Friday, October 7, 2016

Real Abundant Life Begins with Jesus

A response to the following article: My thoughts in RED

Why “Pro-Life” Is A Harmful Misnomer / @JenniferGBird  / 10/6/16
..there is so much on the line. 

Yes. On the line are two lives (the mother and the baby) A baby is not a potential life. Q: At what point is the baby alive? God has answered this question:

Genesis 4:1,17, Deuteronomy 32:18, Psalm 51:5-6, Psalm 119:73, Psalm 139:13-16,
2 Samuel 11:5, Hosea 9:11, Matthew 1:18, Luke 1:15, 31, 41,43-44, Galatians 1:15
Death in the womb (in order to have death in the womb, there first had to be life!)
Job 10:18, Jeremiah 1:5, Jeremiah 20:17, for Further Study
·        God forms life:  Psalm 119:73; Psalm 127:3; Psalm 139:13-16;
·        God knows man intimately: Job 10; Psalm 139; Isaiah 49:1,5:
·        Related Scripture: Genesis 4:1,17; 21:2; 29:32-35; 30:5, 19, 23; 38:3-4
·        Penalty for death of the pre born - Exodus 21:22-23 (compare with Exodus 20:13 and Genesis 9:6)
  • Human sacrifice MUST ALWAYS be condemned - Leviticus 20:2-5
What I would like to respectfully suggest is that the “Pro-Life” conversation about how to handle an unplanned pregnancy ought to include more than just the life of the fetus.  

 It does. It includes the risks of abortion to the woman. The increase risk for future miscarriages (25% of women cannot carry to term after one abortion due to cervical tears), the increase in breast cancer after abortion (380% increase for African American women after one abortion), the relationship with the baby’s father (70% breakup in 30 days, 95% in two years)

Of course the fetus is living, and can be given the time to develop into a viable, vibrant child (if all goes well).  

Biblically, as well as biologically, the unborn is alive and a person at the moment of conception  

But the fetus is not the only living thing in this equation.
I have listened to many “Pro-Lifers” give their understandably passionate reasons why they are against terminating a pregnancy. But I have yet to hear any of them talk about the life of the mother as a factor.  

A visit to a crisis pregnancy center like Gateway would help folks see that the woman’s life is the focus. Everything that we do centers around the woman’s entire life experience, including her physical, mental and spiritual health. 

Removing the humanity of the unborn from the discussion reduces John 10:10 to Jesus supplying our ‘wants’ but neglects the focus of the verse ‘our needs’. Women deserve better.         
Jesus fully understands women and knows that the ‘short fix’ solution enslaves them to lives of guilt, physical pain and the consequences of a ‘poor, uninformed choice’.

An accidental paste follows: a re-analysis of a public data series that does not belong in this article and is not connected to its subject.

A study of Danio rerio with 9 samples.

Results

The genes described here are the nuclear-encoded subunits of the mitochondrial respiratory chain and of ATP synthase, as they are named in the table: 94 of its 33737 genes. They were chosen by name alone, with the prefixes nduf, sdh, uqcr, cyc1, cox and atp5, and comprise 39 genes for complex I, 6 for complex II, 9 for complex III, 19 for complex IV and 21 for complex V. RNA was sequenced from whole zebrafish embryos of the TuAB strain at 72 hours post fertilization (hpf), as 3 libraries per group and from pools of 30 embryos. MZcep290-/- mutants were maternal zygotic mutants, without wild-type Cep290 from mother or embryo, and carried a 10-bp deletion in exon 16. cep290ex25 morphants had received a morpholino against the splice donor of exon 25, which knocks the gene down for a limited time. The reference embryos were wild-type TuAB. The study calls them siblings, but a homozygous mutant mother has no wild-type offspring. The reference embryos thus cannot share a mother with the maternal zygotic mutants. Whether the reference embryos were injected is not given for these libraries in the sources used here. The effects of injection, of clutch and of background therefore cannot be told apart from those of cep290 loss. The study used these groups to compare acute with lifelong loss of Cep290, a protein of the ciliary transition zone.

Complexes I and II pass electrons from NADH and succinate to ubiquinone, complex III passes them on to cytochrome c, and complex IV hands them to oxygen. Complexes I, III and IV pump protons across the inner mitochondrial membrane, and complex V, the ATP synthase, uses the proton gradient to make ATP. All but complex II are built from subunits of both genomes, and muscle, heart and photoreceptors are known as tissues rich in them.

It seems to me that caring about these questions qualify as being “pro-life”:
  • Is the woman (& her partner, if applicable) financially stable?
  • Does she have the means to have good pre-natal health care?
  • Does she have the finances to be able to feed a child, clothe a child, provide health care and all the other things needed to rear a child well and safely?
  • Is she in a personal situation to be able to make room for this child in her life?
  • Is it her desire to have a child?
  • Is bringing a child into the world right now the best thing for her and her contributions to society? 
All of these are circumstantial and situational. Focusing on the above questions leaves out the real needs women have. 

Fulfillment of our desire when it conflicts with God’s intentions dooms us to consequences. Women have been bearing the consequences of uninformed choices for decades. 

Those who perform abortions (almost exclusively men) love the argument that a woman’s autonomy is the focus. This allows for the neglect of the real after-effects of abortion on a woman’s mind and heart. 

A woman’s true needs, physically and spiritually are the concern of a loving God.

When the conversation is focused solely on the potential life of the fetus, what is being implied is that women really are, first and foremost, baby-makers.  

The implication of baby-makers is a great ‘talking point’ that deflects the conversation away from a woman’s real needs, allowing her often to be a fulfiller of a man’s (“I’m not ready to be a father”, “Abort this one and we will have another one when we’re ready”)

Please take a moment to think about that, if you haven’t before.
I am not trying to deny the role that women have in perpetuating the human species, not at all. I am simply saying that only talking about the fetus in this conversation completely overlooks important, quite relevant factors in the life of the woman, all of which is relevant to the quality of life for all involved.

Quality of life for the woman MUST include her spiritual, mental and physical health. 

If we can allow the factors of the woman’s life and situation to be a part of determining whether it is desirable, or even ethical, to let a pregnancy continue, then we are taking seriously what Jesus is attributed with saying, in John 10:10. “I came [into the world] that they may have life, and have it abundantly.” 

The implication of following this reasoning forces the woman to make ethical choices that have disastrous consequences not only for her child but her own life. 

The one who promised ‘life’ in John 10:10 offers spiritual life, but the presumption is that physical life is not sacrificed to achieve it; otherwise, our faith is man-made, man-centered.

I am pro-choice because I am pro-life, in the bigger picture sense. The bigger picture must go beyond personal freedom of choice to moral responsibility that leads to decisions consistent with the life promised by Jesus.